Alarm, Monitoring Executives Explain How They Coped as SoCal Fires Raged
As the October firestorms torched the Southern California landscape, forcing the temporary evacuation of nearly 1 million people, alarm companies and monitoring stations worked feverishly responding to unprecedented volumes of emergency calls and signals.
Pushed by winds clocked at more than 80 mph in some areas, 23 wildfires scorched more than 515,000 acres across seven counties. Almost 2,800 structures were destroyed, including 2,000 homes.
Security Sales & Integration spoke with several industry executives to discuss the impact on their alarm and monitoring operations and how they were able to cope with the unfolding crisis.
As the number of fires continued to mount over several days and devastation spread relentlessly, monitoring stations were barraged by continuous waves of alarms.
“It all just hits at once,” said Morgan Hertel, vice president of the Command Center Inc., a contract central station in Corona, located about 50 miles southeast of Los Angeles. “Since we were dealing with such a huge area, it wasn’t like it happened for a couple hours and stopped. It was sustained for a period of four days.”
Hertel said his normal daily volume of alarm signals and calls skyrocketed from roughly 1,800 to more than 7,000.
Along with fire alarms, central stations were bombarded with multiple types of signals, including AC power failure, low battery and other system trouble conditions.
Managing the massive volume of signals presented the biggest challenge for a majority of central stations affected by the fires. To cope with the flood of signals, station managers relied on added staffing and the latest monitoring technology.
For example, the Command Center’s automated system, which relies on software used by many other monitoring stations, prioritizes inbound signals.
“We were dealing with the fire and medical alarms ahead of the AC fails and the low batteries,” Hertel said.
While operators responded first to the highest priority alarms, automation systems soaked up low priority signals and placed them in a buffer where they sat until operators could work their way down the queue.
“You might see 1,000 signals sitting in the buffer and you are working on them 10 at a time with the available staff until you get to the bottom,” Hertel said. “You’ll get caught up and then all of a sudden another area will have a power failure or a fire going through and before you know it, you’re buried again.”
Hertel and other central station managers SSI spoke with reported throngs of evacuated homeowners also phoned around the clock asking if their systems were still functioning, and if not, when the last time a signal was received.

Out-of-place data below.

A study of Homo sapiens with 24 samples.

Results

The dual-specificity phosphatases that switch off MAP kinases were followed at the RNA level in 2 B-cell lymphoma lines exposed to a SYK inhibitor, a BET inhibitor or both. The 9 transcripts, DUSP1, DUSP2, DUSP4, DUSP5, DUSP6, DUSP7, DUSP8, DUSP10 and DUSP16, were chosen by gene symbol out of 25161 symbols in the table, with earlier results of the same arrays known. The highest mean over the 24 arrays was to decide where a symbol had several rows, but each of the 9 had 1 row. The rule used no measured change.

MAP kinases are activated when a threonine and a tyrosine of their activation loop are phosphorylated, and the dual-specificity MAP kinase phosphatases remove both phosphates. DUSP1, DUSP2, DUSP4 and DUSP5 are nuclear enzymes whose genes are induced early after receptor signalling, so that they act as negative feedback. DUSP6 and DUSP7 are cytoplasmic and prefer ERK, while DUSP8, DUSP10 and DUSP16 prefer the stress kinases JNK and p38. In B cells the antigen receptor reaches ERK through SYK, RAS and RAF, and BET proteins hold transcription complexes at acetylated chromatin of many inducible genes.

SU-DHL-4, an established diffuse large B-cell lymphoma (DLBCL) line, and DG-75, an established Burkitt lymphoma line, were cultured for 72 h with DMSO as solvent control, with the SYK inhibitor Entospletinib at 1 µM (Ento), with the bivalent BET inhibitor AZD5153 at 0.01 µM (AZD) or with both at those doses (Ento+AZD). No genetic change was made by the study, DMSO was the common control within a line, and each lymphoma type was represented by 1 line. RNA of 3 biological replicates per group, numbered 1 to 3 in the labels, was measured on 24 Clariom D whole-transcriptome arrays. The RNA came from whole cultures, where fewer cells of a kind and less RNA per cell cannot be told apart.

“This catastrophe was unique in that we’ve never had subscribers calling in wanting to know if their alarm systems were still online,” Hertel said. “They were trying to understand what was going on with their property and homes. There was a lot of panic going on, a lot of emotions.”
In Lake Arrowhead, a mountain community located about 80 miles east of Los Angeles, Karen Baldwin, co-owner of Lake Arrowhead Patrol Inc., was on the phone nonstop with hundreds of evacuated customers as flames whipped near her own residence.
“Notifying customers was the hardest part for us,” Baldwin said. “Thousands of homes really weren’t compromised [by the fires], but people didn’t know it.”
During the mandatory evacuation in Lake Arrowhead from Oct. 22 to Oct. 28, Baldwin said she was in contact with her monitoring station, Aliso Viejo, Calif.-based National Monitoring Center.
When the evacuation was lifted, Baldwin said there was no mystery for customers finding out if their home was still intact since constant communication was available.
“I was able to check the alarm status of our customers, and we were getting mostly low batteries and power failures,” she said. “We were able to get our customers accurate information and take that fear away.”
For central stations situated in close proximity to fire danger, such as Central Monitoring Corp. in Poway, located about 20 miles north of San Diego, the ability to call all hands on deck was not a luxury available to them.
“My biggest challenge was keeping my employees here,” said Central Monitoring Corp.General Manager John Thompson.
As firestorms raged through nearby open land and public spaces, major highways were closed. Some employees simply couldn’t make it into work, while others were in the midst of evacuating their homes.
“In certain situations like lightening and thunderstorms and strong winds, we flood the place [with extra staff],” Thompson said. “This situation was very different. You had fires raging everywhere. A lot of people’s houses were being threatened and so their main concern was their family.”
Just as other monitoring stations were spurred into action, Central Monitoring Corp. implemented emergency polices and procedures when the fire danger became imminent.
“We have the ability to toggle certain signals on and off,” Thompson said. “If we are inundated with AC power loss signals I’ll turn them off for a few hours or in this case a day or so.”
The imperative, Thompson said, is to work on handling high priority alarms only.
“We stop notifying on trouble calls,” he said. “We are responding strictly to fire, burglary, hold ups and medicals. You go into damage control mode.”